There are three factors which must be taken into consideration when playing 78s:

  1. groove widths have varied over the years
  2. playback equalizations varied until they were standardized in the mid 1950's
  3. recordings were not made at a speed of exactly 78 rpm until the mid 1930.

Proper stylus size

There was a gradual decrease in the groove widths of 78s throughout their production history owing to gradual refinements in the recording process. Proper contact between stylus and groove walls is essential to obtain optimum sound quality during reproduction. Thus it is important that the proper size and shape of stylus be chosen for optimum-quality playback.

Also, by choosing the appropriate stylus, one can compensate for different types of wear. For example, a smaller stylus can be used to track lower into the groove to compensate for a record with upper groove damage. In some instances tracking different parts of the groove will not make much difference, but in other instances there will be a remarkable improvement.

Some experimentation with different styli, listening for clarity of sound and amount of background noise, will illustrate the importance of choice of stylus. The National Library of Canada has about 24 styli, but 3 or 4 should be adequate for most uses.

Proper playback equalization

Every modern (post-1955) power amplifier has two components built into the phono input: a preamplifier to boost the low level signal from the cartridge, and a built-in equalizer set to the Record Industry Association of America (R1AA) standardized playback equalization curve. It is the latter of these that can present some problems to 78 playback.

This equalizer cuts high frequencies and boosts bass frequencies; the standard determines at which frequency this begins to occur.

At the high end, the process functions to counteract the fact that high frequencies are boosted (i.e., exaggerated) during mastering to act as a form of noise reduction during playback. When a disc is played back through an RIAA standard phono preamplifier, the high frequencies are cut by the same amount they were boosted in the mastering process restoring the high frequencies to their proper levels and, consequently, proportionally cutting high frequency surface noise.

Likewise, at the low end, low frequencies are reduced during mastering to reduce groove modulation distance. (Low frequencies require more power to propagate which requires larger groove modulations.) This allows a more dense winding of grooves, thus allowing for longer playing time and prevents grooves from running into each other. At playback, through the equalization, the low frequencies are boosted by the same amount which they were reduced during the mastering process, restoring the low frequencies to their proper levels.

This built-in equalization, with its set playback filtering curves, must be by-passed to properly play 78s. 78 rpm record playback equalization ranges from none (acoustic: no cutting or boosting of frequencies) to RIAA equalization. Playback curves varied from company to company and varied within companies.

To playback a 78 with proper equalization, an Owl 1 Restoration Module can be used. The Owl 1 has a phono preamplifier so that the output of the cartridge can be plugged directly into the Owl. The Owl output is then plugged into an auxiliary input of the amplifier, effectively by-passing the power amplifierís phono input. The Owl consists of a low frequency "Turnover" knob which boosts bass frequencies below a certain level and a high frequency "Rolloff" knob which attenuates high frequencies above a certain level. Also included is an RIAA setting. The Owl comes with guidelines giving proper playback equalization for various record labels throughout time.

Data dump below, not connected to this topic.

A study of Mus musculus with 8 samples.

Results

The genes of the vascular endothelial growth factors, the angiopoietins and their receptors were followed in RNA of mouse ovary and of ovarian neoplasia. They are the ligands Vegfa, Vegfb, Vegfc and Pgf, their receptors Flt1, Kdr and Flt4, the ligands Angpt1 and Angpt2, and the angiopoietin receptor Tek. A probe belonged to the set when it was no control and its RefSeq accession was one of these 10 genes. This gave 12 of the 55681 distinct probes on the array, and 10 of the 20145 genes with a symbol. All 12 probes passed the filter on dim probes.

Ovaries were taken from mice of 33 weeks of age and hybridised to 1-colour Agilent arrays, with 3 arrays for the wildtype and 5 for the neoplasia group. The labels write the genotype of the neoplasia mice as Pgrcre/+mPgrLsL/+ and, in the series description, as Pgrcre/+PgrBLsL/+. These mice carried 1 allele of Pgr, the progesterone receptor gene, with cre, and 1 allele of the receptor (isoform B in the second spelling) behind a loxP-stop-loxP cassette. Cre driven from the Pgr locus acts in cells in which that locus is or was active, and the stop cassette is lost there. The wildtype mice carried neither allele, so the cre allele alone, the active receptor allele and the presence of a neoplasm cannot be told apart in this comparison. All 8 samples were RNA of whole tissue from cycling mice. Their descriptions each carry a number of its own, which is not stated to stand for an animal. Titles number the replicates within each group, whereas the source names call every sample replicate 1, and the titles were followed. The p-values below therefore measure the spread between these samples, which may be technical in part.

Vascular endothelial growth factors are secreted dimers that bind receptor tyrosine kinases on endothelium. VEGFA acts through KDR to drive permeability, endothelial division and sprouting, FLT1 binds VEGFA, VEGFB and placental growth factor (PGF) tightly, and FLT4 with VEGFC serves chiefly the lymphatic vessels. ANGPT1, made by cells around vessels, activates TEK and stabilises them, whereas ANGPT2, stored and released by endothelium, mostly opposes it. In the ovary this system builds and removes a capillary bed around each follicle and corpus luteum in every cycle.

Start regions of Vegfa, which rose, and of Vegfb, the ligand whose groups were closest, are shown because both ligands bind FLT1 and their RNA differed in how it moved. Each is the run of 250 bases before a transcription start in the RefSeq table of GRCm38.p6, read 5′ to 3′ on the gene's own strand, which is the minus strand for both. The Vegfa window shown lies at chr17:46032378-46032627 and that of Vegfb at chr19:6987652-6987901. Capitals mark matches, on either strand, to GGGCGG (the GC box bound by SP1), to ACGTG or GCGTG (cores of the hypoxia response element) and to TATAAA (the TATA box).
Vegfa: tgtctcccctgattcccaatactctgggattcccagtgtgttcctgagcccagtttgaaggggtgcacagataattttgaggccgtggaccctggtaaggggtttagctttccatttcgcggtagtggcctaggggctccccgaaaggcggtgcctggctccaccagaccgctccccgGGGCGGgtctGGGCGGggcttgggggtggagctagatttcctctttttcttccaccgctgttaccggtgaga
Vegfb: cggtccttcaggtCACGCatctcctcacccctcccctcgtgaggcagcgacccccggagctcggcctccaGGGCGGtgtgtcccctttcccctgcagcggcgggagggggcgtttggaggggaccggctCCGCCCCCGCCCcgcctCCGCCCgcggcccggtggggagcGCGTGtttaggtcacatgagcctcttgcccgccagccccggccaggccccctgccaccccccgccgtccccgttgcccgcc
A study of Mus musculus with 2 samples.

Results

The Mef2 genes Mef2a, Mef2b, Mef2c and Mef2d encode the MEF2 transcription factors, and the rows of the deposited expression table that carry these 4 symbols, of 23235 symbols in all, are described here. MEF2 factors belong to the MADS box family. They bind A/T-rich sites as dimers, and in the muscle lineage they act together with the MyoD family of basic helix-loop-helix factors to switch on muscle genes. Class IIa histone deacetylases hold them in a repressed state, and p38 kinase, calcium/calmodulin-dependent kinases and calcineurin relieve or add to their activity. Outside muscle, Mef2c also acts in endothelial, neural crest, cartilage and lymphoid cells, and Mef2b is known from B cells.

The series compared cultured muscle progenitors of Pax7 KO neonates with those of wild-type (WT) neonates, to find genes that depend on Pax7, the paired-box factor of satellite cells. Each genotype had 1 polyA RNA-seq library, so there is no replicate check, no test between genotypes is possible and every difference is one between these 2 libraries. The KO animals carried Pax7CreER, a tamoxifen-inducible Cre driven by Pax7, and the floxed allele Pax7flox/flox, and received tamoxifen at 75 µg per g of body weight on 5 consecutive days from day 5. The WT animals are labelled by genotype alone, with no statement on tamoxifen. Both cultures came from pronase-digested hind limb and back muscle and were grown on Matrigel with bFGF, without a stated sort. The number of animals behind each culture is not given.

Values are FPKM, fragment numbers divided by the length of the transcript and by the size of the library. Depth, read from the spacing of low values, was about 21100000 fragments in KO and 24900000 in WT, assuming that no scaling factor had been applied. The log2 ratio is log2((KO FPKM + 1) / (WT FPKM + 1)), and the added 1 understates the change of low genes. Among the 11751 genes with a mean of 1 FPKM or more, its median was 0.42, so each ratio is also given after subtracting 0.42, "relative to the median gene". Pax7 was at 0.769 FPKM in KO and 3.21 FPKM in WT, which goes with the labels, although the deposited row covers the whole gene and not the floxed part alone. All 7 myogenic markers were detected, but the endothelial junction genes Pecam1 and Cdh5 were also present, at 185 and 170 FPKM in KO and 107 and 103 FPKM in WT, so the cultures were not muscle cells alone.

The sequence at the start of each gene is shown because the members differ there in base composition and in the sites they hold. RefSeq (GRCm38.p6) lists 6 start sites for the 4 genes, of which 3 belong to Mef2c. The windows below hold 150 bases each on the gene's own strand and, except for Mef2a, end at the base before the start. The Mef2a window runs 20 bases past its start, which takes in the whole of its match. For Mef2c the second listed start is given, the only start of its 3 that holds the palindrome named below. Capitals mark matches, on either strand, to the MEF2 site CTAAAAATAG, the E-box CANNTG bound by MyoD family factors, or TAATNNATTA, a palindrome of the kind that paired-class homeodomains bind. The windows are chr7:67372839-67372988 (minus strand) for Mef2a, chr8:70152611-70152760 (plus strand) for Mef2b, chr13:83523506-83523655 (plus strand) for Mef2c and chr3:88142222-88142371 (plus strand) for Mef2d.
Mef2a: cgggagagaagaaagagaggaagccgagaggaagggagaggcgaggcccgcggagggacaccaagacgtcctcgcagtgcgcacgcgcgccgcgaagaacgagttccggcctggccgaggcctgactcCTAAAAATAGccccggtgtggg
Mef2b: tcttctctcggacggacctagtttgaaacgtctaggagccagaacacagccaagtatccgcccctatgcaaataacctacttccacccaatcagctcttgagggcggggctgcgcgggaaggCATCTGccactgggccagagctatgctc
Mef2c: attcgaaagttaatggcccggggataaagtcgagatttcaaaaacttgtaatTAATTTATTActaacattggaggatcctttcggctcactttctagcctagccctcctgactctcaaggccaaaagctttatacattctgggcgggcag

Proper playback speed

Though referred to as 78s, the 78-rpm speed did not become standard until the mid-1930ís. Variations in speed will change the recordings pitch and will make a remarkable difference to the timbre of a recording. A 5% difference is equal to approximately a semitone (the note A becomes an A flat and so on). A "78" recorded at 76.6 rpm must be played at 76.6 rpm for proper reproduction.

Determining proper playback speed can be difficult. Having a score to determine the correct key is a good start. Unfortunately singers had no qualms about transposing a piece to fit their voices, and, of course, not all recorded music is available on sheet music. Also, "concert A" pitch, now A=440Hz, has varied over the years (and is in the process of changing now throughout the world). Keep in mind, when pitching 78s, that stringed instruments prefer sharp keys and brass instruments prefer flat keys. When pitching a vocal recording listen carefully to the singerís diction, resonance and vibrato speed.

Noise Reduction

Using the proper stylus and equalization and accurate pitch will result in a good quality 78 rpm reproduction. However, if more complex filtering is required, a Packburn Audio Noise Suppressor can be used to remove transient noises (i.e., pops and clicks). Though expensive,it is a useful device. As the Packburn works best when the signal arrives directly from the cartridge amplified but unfiltered (flat), a phono preamplifier made by Stanton (Model 310) can be used. Once filtered by the Packburn the signal can then be routed to the auxiliary input of the Owl 1 for proper equalization.

Finally, if you really want to do a "bang-up" job and happen to have a spare $120,000, you would wish to consider purchasing a CEDAR (Computer Enhanced Digital Audio Restoration) system. This computer system, developed in Cambridge, England, removes pops, crackles, hiss etc., miraculously well. You'll be the envy of the neighbourhood!

Gilles is Audio Conservator, Music Division, National Library of Canada, Ottawa, Ontario, and a member of CAPS.